Starry Night: A Christmas Novel by Debbie Macomber

Review by Cynthia F. (frazerc)


First off, I love Debbie Macomber’s Christmas novels and re-read many of them seasonally. This one won’t be one of those that I re-read however.  Don’t get me wrong it was a good ‘read-once’ but lacked the ‘ahhh’ element that brings me back again and again.


That said, this is a good read with interesting characters and a relationship-driven plot.  The heroine is Carrie Slayton, a reporter desperate to escape the doldrums of the society pages of her Chicago newspaper.  To this end she approaches her editor who agrees to move her to ‘real’ reporting if she successfully gets an interview with the reclusive author of the hot best-seller ‘Alone’. The hero is said author, Finn Dalton, who wrote the book to inspire others to step out their doors and really see nature, not just pass through it.  He never expected it to be an overwhelming success and he especially never expected to be hounded by reporters, newscasters, and talk show gurus.


Carrie manages to locate Finn’s mother and she actually talks to her rather than slamming the door in her face.  Although they are estranged – and have been since Finn was a child – she does share some clues with her and gives Carrie Finn’s father’s wedding ring to return to Finn. Using the clues Carrie travels to Alaska and using the ring she manages to talk one of Finn’s friends into flying her to his cabin. They arrive in the teeth of a storm so he drops her off and points in the direction of the cabin.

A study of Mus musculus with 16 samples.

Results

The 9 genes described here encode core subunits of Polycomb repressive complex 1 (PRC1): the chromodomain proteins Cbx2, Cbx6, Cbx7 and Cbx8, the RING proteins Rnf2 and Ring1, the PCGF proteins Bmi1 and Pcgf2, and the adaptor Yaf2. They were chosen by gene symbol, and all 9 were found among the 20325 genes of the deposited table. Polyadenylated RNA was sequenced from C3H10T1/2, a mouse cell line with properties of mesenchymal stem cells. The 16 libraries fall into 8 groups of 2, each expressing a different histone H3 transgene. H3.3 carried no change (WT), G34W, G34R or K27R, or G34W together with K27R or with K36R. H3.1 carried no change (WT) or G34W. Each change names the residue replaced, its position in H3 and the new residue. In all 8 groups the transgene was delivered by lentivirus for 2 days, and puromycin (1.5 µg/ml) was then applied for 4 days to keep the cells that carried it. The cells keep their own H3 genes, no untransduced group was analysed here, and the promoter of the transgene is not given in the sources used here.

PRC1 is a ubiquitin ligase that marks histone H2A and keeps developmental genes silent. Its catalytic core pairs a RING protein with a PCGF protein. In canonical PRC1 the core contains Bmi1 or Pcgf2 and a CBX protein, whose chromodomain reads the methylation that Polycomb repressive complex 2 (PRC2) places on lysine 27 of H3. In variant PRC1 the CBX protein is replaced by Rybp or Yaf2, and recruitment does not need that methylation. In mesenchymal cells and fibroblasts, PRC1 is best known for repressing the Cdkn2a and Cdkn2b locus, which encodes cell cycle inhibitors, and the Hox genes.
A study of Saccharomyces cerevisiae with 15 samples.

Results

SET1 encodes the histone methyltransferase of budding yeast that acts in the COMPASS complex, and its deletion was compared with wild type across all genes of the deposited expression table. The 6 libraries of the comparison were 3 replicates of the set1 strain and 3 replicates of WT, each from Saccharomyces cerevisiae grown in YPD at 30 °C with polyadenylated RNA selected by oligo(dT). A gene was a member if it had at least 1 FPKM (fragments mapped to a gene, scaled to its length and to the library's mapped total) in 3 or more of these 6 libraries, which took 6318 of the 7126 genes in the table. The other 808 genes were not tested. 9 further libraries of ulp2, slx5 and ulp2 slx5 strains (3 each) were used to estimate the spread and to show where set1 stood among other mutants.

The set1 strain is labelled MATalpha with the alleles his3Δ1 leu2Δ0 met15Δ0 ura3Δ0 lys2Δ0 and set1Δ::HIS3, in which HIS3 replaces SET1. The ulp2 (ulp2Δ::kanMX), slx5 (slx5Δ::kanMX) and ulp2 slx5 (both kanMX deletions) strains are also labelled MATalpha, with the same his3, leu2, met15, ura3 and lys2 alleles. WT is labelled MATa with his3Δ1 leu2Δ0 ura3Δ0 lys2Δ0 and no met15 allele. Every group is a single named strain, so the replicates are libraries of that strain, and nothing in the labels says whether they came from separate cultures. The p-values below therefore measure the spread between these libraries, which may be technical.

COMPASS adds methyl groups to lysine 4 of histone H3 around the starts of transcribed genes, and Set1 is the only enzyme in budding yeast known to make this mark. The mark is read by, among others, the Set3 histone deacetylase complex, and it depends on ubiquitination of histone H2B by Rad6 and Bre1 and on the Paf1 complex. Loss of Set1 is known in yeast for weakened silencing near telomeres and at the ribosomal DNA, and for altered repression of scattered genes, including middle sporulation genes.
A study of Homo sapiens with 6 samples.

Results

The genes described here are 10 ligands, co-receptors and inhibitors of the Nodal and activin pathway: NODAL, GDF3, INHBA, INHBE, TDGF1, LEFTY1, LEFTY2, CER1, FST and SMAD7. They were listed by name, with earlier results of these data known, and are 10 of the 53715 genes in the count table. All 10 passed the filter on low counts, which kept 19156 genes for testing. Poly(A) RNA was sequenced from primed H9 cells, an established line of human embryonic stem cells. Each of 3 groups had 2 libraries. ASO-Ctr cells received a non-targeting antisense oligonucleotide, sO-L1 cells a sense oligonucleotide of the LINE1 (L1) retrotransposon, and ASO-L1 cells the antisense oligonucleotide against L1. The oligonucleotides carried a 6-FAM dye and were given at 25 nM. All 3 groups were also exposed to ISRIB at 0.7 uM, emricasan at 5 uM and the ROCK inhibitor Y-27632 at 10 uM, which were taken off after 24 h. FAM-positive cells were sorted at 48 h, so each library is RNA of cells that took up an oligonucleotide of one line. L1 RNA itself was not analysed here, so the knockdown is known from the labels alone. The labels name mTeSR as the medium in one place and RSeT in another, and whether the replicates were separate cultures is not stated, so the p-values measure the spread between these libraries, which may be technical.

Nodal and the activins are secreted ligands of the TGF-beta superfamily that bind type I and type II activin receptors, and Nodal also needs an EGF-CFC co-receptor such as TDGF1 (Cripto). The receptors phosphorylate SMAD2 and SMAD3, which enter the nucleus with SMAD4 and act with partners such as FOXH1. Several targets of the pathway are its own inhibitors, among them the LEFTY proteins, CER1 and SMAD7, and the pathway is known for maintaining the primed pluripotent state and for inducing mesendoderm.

By now she realizes that winter in Chicago had not prepared her for winter in the high north but her options are limited so she trudges off towards the cabin. There’s ice and snow and wind and suddenly a wolf… and Finn who collects her from where she had fallen like she was a dropped blanket and carries her off to his cabin. The wolf turns out to be Finn’s dog and neither of them is very happy to see her.


Finn is a man with issues.  Big ones.  Issues like abandonment and betrayal and trust – especially related to women. The last thing Finn wants is some reporter tracking him down to write an article about him. During the storm-enforced captivity they begin to talk and slowly become if not friends than at least not enemies.  When the storm finally clears he takes her outside and they watch the aurora-streaked brilliance of the starry night and she finally begins to understand the man and why he would want to be in this place and in this time. And why she will leave at least a little part of her heart behind when she leaves.


Carrie has her article but will she print it?  Finn has asked her not to but it’s the chance for the break she’s been looking for. What to do…


Finn is finding being alone synonymous with lonely.  He and Carrie begin a long distance relationship via phones, and emails and posts.  Things are poignant but then he comes for a visit… Pick an emotion and she’s there: deliriously happy, frightened, angry when a friend figures out who he is and suggests he’s just doing it to manipulate her into not publishing the article and calling her a fool for refusing to do so. Complications abound – Finn goes back to Alaska.  She goes home for the holidays. Both of them are miserable. Since this is a Debbie Macomber novel you know it’s going to work out in the end but it takes a painfully long time.